When a tragedy happens, ascertaining who was at fault is part of avoiding repetition. Unfortunately, more people died at Memorial than should have. The deaths at Memorial Hospital in the wake of hurricane Katrina were tragic and avoidable.
Who was to blame?
Government: The government at all levels was UNPREPARED, AND COMPOUNDED THIS RESPONSIBILITY when it abandoned not only the patients but also the medical personnel treating them at Memorial Hospital. The lack of police protection, delayed rescue efforts and the LACK OF STRATEGIC PLANNING ENSURED TRAGIC OUTCOMES ACROSS THE CITY......
LifeCare: LifeCare Corporation, was a for-profit company which rented space in the hospital from Tenet, Memorial’s parent company. LifeCare ran Long Term Acute Care facilities, whose patients were disproportionately old and acutely ill, many already in the last days of their lives. THEIR OWN WEBSITE AT THE TIME DESCRIBED THEIR PATIENTS AS OFTEN HAVING CATASTROPHIC SYSTEM FAILURES. Many were dependent on sophisticated machines. Besides the space at Memorial, LifeCare operated a second small facility in nearby St. Bernard Parish AS WELL AS SEVERAL OTHERS IN LOUISIANA AND OTHER LOCATIONS. Disregarding all logic, and apparently all regard for the safety of their patients, LifeCare opted to move their nineteen St. Bernard patients not out of harm’s way to LifeCare's Shreveport facility but back into it by moving them the short thirteen miles to Memorial. Moreover, they left these patients without a doctor to care for them. Why did LifeCare take the easy way out? Why were the LifeCare patients not evacuated to wherever the LifeCare medical director went? The answer can be summed up in one word: money. SIMPLY PUT, LIFECARE WAS IN THE PROCESS OF A MEGA-MILLION DOLLAR SALE AND TRANSFERRING PATIENTS TO THE CERTAIN SAFETY OF SHREVEPORT VERSUS NEW ORLEANS WAS NOT IN THE CARDS.
Who was not to blame?
The courageous doctors, nurses, pharmacists, therapists, nursing assistants, dietary workers and housekeeping personnel and patients, family members and other volunteers who worked long hours under arduous conditions to provide the best care possible to all patients.
Aug 31, 2005 Nurses aid patients on 2nd floor.
Sept 1st, 2005 6PM Exhausted Dr Richard Deichmann (Left) and Dr John Walsh (Right) await last helicopters out after the evacuation of all the remaining patients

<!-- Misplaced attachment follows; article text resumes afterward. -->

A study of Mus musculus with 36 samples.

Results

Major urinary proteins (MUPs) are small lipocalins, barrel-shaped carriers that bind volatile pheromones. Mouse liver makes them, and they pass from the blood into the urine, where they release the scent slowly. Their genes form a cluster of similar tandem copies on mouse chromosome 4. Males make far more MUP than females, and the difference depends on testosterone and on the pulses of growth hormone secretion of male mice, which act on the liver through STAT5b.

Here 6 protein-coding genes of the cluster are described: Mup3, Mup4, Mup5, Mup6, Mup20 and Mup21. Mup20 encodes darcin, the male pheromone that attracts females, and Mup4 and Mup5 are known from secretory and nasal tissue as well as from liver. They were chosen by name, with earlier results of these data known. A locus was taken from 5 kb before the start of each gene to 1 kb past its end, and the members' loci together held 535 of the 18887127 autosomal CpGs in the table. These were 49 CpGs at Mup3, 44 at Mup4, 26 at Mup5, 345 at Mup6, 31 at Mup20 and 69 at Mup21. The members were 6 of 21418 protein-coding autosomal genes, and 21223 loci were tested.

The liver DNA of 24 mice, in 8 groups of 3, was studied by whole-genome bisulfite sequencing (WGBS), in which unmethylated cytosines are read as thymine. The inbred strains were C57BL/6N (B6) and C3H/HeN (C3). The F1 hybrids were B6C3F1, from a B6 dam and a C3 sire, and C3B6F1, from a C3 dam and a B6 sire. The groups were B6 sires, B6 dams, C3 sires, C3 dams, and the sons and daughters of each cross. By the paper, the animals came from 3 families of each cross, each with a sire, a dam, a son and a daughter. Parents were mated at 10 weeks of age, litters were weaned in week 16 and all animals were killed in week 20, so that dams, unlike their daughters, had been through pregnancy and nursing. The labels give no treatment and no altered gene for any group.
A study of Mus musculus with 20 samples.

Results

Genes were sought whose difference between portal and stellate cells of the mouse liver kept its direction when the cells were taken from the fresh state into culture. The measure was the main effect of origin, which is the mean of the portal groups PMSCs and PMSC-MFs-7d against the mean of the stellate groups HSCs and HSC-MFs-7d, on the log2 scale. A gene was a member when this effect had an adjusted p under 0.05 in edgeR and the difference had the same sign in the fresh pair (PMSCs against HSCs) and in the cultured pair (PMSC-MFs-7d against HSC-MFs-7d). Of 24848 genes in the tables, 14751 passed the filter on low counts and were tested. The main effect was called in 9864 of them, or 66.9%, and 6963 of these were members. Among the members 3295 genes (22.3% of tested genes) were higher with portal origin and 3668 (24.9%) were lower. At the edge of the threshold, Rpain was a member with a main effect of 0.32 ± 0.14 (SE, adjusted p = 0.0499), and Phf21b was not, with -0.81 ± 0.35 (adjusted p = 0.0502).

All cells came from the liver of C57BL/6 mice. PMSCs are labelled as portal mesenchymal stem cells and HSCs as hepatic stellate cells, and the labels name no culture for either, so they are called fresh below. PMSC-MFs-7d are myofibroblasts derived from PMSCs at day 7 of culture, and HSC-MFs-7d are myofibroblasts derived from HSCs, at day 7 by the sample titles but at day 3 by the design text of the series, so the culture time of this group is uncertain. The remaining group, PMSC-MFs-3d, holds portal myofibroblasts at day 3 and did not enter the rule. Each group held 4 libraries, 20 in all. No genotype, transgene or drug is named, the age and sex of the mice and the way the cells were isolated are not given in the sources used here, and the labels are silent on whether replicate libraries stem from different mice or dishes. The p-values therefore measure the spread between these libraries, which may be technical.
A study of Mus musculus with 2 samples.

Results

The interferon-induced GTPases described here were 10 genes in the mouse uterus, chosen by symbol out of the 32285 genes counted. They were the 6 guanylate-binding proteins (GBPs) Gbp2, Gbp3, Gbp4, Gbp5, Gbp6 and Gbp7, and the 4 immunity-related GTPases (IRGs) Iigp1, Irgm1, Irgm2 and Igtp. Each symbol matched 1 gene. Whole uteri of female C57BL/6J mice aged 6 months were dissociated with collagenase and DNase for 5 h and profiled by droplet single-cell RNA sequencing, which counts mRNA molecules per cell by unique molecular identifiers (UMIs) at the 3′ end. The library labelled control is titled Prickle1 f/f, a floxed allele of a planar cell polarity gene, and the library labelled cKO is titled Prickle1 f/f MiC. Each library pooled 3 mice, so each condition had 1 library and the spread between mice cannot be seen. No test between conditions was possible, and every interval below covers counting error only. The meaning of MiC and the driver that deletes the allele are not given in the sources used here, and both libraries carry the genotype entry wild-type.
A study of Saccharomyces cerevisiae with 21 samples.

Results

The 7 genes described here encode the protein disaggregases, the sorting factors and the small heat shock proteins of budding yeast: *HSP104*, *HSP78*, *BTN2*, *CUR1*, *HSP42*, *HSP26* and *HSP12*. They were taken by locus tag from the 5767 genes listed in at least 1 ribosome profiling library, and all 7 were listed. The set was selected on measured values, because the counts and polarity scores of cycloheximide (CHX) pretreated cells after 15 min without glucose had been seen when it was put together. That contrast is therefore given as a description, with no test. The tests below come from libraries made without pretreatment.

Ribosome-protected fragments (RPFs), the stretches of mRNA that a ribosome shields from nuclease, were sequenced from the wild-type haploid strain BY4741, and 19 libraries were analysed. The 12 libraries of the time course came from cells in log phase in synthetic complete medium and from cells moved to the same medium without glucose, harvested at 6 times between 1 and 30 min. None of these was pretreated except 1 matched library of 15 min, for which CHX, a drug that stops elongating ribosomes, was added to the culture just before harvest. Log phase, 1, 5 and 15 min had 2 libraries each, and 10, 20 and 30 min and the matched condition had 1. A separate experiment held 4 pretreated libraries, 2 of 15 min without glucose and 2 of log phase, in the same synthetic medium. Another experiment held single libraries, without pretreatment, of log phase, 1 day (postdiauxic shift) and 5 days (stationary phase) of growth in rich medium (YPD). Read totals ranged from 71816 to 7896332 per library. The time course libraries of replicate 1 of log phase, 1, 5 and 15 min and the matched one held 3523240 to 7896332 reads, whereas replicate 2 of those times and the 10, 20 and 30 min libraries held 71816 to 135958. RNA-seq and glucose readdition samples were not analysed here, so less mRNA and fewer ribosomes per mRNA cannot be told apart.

However, we can look to the courts:
A class action suit was filed on behalf of non-Tenet employees, patients and relatives who were stranded at the Memorial facility during the hurricane which alleged a number of failures by Tenet Corporation, running the gamut from a failed evacuation policy to the improper location of generators in the basement of the facility which led to the complete loss of power. Tenet, while claiming no admission of liability, set up a $25 MILLION SETTLEMENT FUND for all non-Tenet employees, patients and visitors who were trapped at Memorial Hospital during Katrina. The class also excluded claimants who had individual settlements with Tenet. (Elmira Preston, et al vs. Tenet Health Systems, Memorial Medical Center, et al, CDC No. 2005-11709 c/w 2006-8861 Division “A,”)
Lifecare was not the subject of a class action, as it opted early on to pay substantial amounts of monies to family members of the twenty-four deceased patients, in lieu of trials. Further, SIX OF THE LIFECARE PATIENTS WHO WERE EVACUATED BY SEPTEMBER DIED SHORTLY AFTER THEIR EVACUATION, FURTHER SHOWING THAT THE DEATH OF THOSE AT MEMORIAL WAS NOT THE FAULT OF DR. POU OR ANY OTHER MEDICAL PROFESSIONAL AT MEMORIAL. While the drugs in question, given to patients at Memorial by doctor(s) to ease pain, are routinely used for the same purposes in hospitals around the world today, the cause of death of the six patients who died after being evacuated was related to the harsh conditions at the hospital and was without question unrelated to drugs."
Three lawsuits initially filed against Dr. Pou and the Memorial nurses have all been dismissed.
Aug 31st, 2005 Nurse Cheri Landry (Center-Arrested by Foti), and nurse Cathy Green (Right) tend to stranded patients.